Will Apple open the new iPod Touch to developers?
With the launch of the iPod Touch, it would seem as though Apple has lost its main reason for locking down the platform and keeping independent developers out.
Apple upset a lot of developers when they released their much-hyped iPhone to the public as a locked-down, proprietary device. Developers could write custom Web-based applications, but those coders salivating at the thought of creating and distributing more heavy-duty, downloadable applications were left out in the cold.
Conjuring up the 40-year-old ghost of AT&T, Apple CEO Steve Jobs claimed that the reason for this was because they didn't want poorly coded apps to damage AT&T/Cingular's fragile wireless network. He told Newsweek, "You don't want your phone to be an open platform," meaning that anyone can write applications for it and potentially gum up the provider's network, says Jobs. "You need it to work when you need it to work. Cingular doesn't want to see their West Coast network go down because some application messed up."
Of course, this didn't actually stop a legion of Apple fans and anti-DRM activists from reverse engineering the iPhone platform. Apple's futile attempts to lock down their platform could probably best be described as an open hacking invitation to security geeks--something similar to placing a big red button on a wall and telling an inquisitive child that under no circumstances should he or she ever press it. Predictably, within days, hackers had found and exploited flaws in the iPhone. Since then, a wealth of cool, yet unofficial installable applications have been released for the platform.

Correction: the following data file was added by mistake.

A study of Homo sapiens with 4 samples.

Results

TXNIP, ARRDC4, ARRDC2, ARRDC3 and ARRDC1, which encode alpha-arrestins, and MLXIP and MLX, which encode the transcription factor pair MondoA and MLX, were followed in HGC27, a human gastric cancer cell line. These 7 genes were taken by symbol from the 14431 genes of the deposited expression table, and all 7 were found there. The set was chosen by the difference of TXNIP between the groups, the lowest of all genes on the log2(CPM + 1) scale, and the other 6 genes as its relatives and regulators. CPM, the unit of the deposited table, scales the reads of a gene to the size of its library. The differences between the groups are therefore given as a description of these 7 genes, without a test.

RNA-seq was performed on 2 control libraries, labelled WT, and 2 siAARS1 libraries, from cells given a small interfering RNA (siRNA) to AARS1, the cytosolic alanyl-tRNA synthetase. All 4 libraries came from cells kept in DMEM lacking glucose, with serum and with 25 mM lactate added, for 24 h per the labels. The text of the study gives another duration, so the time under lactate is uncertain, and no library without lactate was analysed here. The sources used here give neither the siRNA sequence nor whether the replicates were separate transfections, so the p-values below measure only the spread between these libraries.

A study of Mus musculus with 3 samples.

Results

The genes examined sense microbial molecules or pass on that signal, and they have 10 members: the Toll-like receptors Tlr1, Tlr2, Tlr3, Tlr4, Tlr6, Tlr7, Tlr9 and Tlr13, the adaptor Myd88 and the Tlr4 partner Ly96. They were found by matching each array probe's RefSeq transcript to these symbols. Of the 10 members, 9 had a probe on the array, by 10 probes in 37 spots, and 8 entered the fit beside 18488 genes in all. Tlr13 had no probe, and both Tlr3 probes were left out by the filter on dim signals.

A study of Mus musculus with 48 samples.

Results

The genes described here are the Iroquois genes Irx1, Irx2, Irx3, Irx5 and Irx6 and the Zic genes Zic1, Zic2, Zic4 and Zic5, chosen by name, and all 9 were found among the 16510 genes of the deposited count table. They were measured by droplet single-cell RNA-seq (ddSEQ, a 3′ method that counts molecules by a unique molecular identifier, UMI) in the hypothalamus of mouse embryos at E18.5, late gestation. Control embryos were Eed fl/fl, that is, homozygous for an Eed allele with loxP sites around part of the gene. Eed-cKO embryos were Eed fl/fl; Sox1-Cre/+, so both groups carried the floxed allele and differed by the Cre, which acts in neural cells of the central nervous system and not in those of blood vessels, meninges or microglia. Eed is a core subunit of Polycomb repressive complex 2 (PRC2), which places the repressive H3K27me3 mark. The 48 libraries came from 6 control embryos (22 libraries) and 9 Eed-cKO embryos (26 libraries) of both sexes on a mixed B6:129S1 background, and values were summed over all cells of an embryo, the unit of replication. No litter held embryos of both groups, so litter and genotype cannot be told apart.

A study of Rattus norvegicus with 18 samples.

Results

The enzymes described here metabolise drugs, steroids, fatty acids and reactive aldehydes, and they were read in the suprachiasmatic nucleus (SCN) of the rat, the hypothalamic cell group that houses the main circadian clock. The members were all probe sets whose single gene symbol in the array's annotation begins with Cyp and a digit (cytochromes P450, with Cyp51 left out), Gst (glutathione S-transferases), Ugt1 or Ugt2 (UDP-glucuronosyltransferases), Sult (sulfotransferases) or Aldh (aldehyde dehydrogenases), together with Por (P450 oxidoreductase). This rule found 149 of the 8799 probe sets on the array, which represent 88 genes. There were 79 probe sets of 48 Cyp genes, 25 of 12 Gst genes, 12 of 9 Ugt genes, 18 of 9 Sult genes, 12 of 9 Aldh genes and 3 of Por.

Apple announced the new iPod Touch today, essentially an iPhone without the phone. It still has the sexy touch screen, the user interface, Wi-Fi capabilities and most of the same hardware under the hood. The question that must be on every developer's mind is: "Will I be able to develop real apps for the iPod Touch?"
If Apple's main excuse in locking down the iPhone platform was a desire to protect the wireless carriers' networks, that reason would seemingly not be an issue anymore. After all, the new device doesn't have the hardware to connect to those oh-so-fragile cellular networks. As Cory Doctorow has repeatedly noted, one of Jobs' gifts is being able to lock in his customers and blame it on others. Apple blamed the record labels for the DRM lock-in on the iTunes Store, and then passed the buck to AT&T for locking developers out of the iPhone platform.
Unfortunately, the odds are that Jobs will come up with another reason for keeping developers locked out of the iPod Touch, although who he'll pass the buck to is anyone's guess.